Before discussing the results obtained by applying the model developed for this report to the selected candidate vaccines, the committee provides some examples of results obtained from an analysis of a hypothetical candidate vaccine X directed for use for the prevention of disease X.
The characteristics of a base case scenario (Case 1) for vaccine X-1 are presented in Table 4–2. Candidate vaccine X-1 is under development and would be directed against disease X-1, which affects 100,000 people annually. Disease X-1 has a 1% case fatality rate (CFR). All age groups are affected equally. Half of the people experience a mild illness (2-week duration; HUI=.90) and half experience a moderate illness (2-week duration; HUI=.70). The health care costs include a physician visit for patients with mild cases and more extensive and more expensive treatment (including a brief hospitalization) for patients with moderate illness. The candidate vaccine will be licensed within 7 years, after expenditures of $240 million in additional research and development costs. The vaccine will cost $50 for each dose of the 3-dose series, which will be given in infancy. The vaccine will be 75% effective, and 90% of the target population (i.e., infants) will be vaccinated.
In such a hypothetical scenario, the cost per QALY gained by use of the vaccine is approximately $125,000. The number of QALYs lost to disease X-1 is 7,000, almost 6,800 of which are due to the effects of mortality. With the specified assumptions regarding effectiveness and utilization, only 4,700 QALYs would be gained if the vaccine were available immediately. Discounting to allow for the time needed for vaccine development reduces the annualized present value of the QALYs gained to 3,300.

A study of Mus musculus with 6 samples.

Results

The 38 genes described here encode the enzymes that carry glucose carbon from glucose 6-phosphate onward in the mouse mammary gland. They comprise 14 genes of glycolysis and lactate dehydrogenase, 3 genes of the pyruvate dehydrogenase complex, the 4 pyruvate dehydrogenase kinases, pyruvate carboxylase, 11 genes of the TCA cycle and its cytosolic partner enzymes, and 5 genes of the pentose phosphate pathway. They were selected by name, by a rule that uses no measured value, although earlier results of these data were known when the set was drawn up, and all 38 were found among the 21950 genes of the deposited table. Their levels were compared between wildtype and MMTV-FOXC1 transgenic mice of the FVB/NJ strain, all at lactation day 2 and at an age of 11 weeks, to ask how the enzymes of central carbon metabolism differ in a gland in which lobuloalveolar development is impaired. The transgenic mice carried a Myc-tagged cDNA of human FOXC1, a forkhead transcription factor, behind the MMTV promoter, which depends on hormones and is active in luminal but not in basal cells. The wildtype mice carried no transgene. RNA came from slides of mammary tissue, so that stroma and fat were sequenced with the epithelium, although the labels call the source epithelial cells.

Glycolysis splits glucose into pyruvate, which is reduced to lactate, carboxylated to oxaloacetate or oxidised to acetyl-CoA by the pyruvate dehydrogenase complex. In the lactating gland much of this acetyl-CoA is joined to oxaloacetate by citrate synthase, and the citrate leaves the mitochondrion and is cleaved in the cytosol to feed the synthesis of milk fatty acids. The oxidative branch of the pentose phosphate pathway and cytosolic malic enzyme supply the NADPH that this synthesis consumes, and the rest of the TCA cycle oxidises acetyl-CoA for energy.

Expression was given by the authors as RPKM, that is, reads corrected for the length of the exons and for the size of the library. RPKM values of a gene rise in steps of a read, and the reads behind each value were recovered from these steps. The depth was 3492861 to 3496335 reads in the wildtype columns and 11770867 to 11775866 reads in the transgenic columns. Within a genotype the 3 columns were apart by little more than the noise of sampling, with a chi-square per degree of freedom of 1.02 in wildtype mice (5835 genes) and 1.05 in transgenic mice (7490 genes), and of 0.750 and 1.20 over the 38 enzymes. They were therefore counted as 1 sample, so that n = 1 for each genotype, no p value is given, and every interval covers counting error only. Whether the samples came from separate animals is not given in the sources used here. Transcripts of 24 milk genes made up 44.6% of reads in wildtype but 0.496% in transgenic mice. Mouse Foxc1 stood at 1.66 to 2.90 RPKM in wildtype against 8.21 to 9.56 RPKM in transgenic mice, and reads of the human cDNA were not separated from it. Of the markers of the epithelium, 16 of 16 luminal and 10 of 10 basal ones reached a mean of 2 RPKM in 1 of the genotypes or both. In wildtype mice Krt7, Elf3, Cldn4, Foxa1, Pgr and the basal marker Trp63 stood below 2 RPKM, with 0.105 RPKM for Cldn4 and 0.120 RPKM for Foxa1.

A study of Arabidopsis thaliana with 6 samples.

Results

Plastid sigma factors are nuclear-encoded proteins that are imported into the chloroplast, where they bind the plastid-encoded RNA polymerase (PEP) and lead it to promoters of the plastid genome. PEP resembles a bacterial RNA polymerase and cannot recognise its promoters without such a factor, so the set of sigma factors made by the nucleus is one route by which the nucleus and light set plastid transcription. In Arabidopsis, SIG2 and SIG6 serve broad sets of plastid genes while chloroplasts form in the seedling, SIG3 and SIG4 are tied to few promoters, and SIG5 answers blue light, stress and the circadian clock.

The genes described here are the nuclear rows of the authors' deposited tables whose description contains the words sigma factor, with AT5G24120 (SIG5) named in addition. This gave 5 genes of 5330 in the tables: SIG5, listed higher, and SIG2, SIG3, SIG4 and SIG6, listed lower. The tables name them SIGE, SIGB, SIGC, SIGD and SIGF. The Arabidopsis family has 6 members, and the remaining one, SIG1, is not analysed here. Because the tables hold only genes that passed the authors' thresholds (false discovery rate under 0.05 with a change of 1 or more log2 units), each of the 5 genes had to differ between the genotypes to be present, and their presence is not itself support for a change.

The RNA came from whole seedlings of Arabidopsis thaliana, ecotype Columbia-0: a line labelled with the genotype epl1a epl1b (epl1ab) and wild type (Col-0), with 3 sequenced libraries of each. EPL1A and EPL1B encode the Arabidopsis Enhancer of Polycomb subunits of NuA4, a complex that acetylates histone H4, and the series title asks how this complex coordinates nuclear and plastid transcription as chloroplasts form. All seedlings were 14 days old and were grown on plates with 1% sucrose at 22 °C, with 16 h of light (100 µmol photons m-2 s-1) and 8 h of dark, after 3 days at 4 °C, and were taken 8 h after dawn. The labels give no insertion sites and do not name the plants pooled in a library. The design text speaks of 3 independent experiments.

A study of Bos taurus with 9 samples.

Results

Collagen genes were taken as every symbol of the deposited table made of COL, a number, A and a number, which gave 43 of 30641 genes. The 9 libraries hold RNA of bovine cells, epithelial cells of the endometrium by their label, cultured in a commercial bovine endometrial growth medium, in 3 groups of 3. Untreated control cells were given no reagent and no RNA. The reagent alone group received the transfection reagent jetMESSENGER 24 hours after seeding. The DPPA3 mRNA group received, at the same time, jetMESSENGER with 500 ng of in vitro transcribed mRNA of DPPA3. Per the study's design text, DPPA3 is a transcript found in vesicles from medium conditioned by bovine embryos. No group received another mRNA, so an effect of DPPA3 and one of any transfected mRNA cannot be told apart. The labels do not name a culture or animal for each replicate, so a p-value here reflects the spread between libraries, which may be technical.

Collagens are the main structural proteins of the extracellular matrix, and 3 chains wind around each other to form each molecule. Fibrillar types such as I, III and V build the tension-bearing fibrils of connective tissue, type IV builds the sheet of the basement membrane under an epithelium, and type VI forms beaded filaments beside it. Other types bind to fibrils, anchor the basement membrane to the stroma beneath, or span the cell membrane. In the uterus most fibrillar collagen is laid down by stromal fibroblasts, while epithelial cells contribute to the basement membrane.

The discounted cost of care saved by this vaccine strategy is approximately $43 million. Program costs for vaccinating all infants with three doses of the $50 vaccine amount to $720 million; adjustments for the rate of utilization and discounting for vaccine development time reduces the annualized present value of those costs to approximately $450 million. Although the investment required to bring this vaccine to licensure is estimated to be $240 million, the amortized amount attributed to a single year is $7.2 million. The net cost (development cost plus delivery costs minus health care savings) is approximately $420 million.
The following examples (Table 4–3) are based on modifications of Case 1 and will demonstrate the effects of changes in target population, program considerations, disease severity, and discounting. This section closes with a description and example of how the cost-effectiveness model developed for research and development prioritization can be used by other policymakers to plan vaccine programs, for example. The chapter then closes with the results obtained for the 26 candidate vaccines chosen by the committee for further illustration.